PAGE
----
The editorial in today’s Compass (Oct. 16, 2014) is misinformed and framed upon the premise that the Royal Cayman Islands Police Service has failed in its duty to evict the occupants of several premises on Shedden Road which are subject of a Writ of Possession granted to Mr. Kent Rankin by the Grand Court of the Cayman Islands.
That premise is wrong; the Order and Writ of Possession in this instance is framed to direct and instruct the Bailiffs of the Court to enter and take possession of the properties. Therefore, it is not the Royal Cayman Islands Police Service officers who have placed locks on the property and posted “no trespassing” notices on the property. It was by the employees of Mr. Rankin in the presence of the court bailiff.
The role of the Royal Cayman Islands Police Service, in this matter, is to enable the bailiffs and the plaintiff Mr. Rankin to complete the directions of the Court and to prevent a breach of the peace.
The placing of locks and “no trespass” notices took place with the police officers present who then left when the bailiff and the plaintiff had completed those actions and had left the site.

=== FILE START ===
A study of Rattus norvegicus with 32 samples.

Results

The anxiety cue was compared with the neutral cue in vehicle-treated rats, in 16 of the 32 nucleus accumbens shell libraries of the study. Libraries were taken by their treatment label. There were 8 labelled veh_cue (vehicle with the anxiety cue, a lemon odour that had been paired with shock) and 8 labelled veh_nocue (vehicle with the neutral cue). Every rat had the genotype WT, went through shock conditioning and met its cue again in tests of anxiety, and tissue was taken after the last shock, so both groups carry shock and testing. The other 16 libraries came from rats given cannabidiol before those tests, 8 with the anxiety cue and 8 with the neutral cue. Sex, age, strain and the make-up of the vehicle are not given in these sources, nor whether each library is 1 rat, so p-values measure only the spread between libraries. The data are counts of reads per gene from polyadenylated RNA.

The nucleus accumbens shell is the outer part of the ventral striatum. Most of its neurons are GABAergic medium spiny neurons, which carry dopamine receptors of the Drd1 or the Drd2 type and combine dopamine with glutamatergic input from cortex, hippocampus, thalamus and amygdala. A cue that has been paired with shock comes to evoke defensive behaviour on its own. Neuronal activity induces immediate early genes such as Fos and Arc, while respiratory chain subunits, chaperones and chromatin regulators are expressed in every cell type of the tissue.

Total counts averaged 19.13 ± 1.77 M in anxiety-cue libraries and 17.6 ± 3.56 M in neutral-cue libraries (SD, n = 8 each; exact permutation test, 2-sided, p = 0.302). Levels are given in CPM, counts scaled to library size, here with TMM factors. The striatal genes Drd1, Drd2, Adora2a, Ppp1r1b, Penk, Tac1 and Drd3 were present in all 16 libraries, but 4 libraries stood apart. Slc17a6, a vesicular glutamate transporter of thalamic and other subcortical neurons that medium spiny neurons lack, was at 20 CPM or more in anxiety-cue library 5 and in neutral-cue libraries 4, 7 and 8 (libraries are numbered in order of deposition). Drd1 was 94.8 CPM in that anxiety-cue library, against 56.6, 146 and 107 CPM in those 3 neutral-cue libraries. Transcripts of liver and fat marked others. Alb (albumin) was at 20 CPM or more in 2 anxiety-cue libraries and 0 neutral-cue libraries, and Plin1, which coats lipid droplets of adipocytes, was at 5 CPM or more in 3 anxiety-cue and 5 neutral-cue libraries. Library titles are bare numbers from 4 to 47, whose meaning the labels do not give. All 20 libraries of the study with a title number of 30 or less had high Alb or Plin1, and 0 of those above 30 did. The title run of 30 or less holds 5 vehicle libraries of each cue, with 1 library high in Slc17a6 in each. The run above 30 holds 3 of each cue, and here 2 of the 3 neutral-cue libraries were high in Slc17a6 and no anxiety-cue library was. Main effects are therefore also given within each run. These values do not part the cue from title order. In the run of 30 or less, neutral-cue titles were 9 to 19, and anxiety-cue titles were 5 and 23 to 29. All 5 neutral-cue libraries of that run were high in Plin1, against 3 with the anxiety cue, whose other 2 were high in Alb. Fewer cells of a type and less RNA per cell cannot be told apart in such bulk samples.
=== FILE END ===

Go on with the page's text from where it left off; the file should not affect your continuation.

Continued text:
It is the role of the Royal Cayman Islands Police Service to investigate criminal offences such as criminal trespass and criminal damage to the locks and to arrest those responsible. Mr. Rankin has been requested to provide a statement of complaint regarding the damage to his property at which time we will take the necessary actions to identify and arrest those responsible.
The Royal Cayman Islands Police Service does not seek confrontation and where possible will seek to achieve its purpose without the use of force. That said, such an approach should not be mistaken or construed as “overly reluctant to use necessary force.” It is easy to escalate an operational use of force, it is significantly more difficult to de-escalate a situation where force has been disproportionately used or in this specific case was not lawfully authorized.
I hope this information will enable a better understanding of the legal responsibilities of the various parties involved in this legal action.
Your article references the “rule of law” and rather than the suggested position of the Royal Cayman Islands Police Service being unwilling to enforce that by the use of force, we have demonstrated exactly the opposite, we have complied implicitly with what the Court Order directed and permitted; to the letter of the law.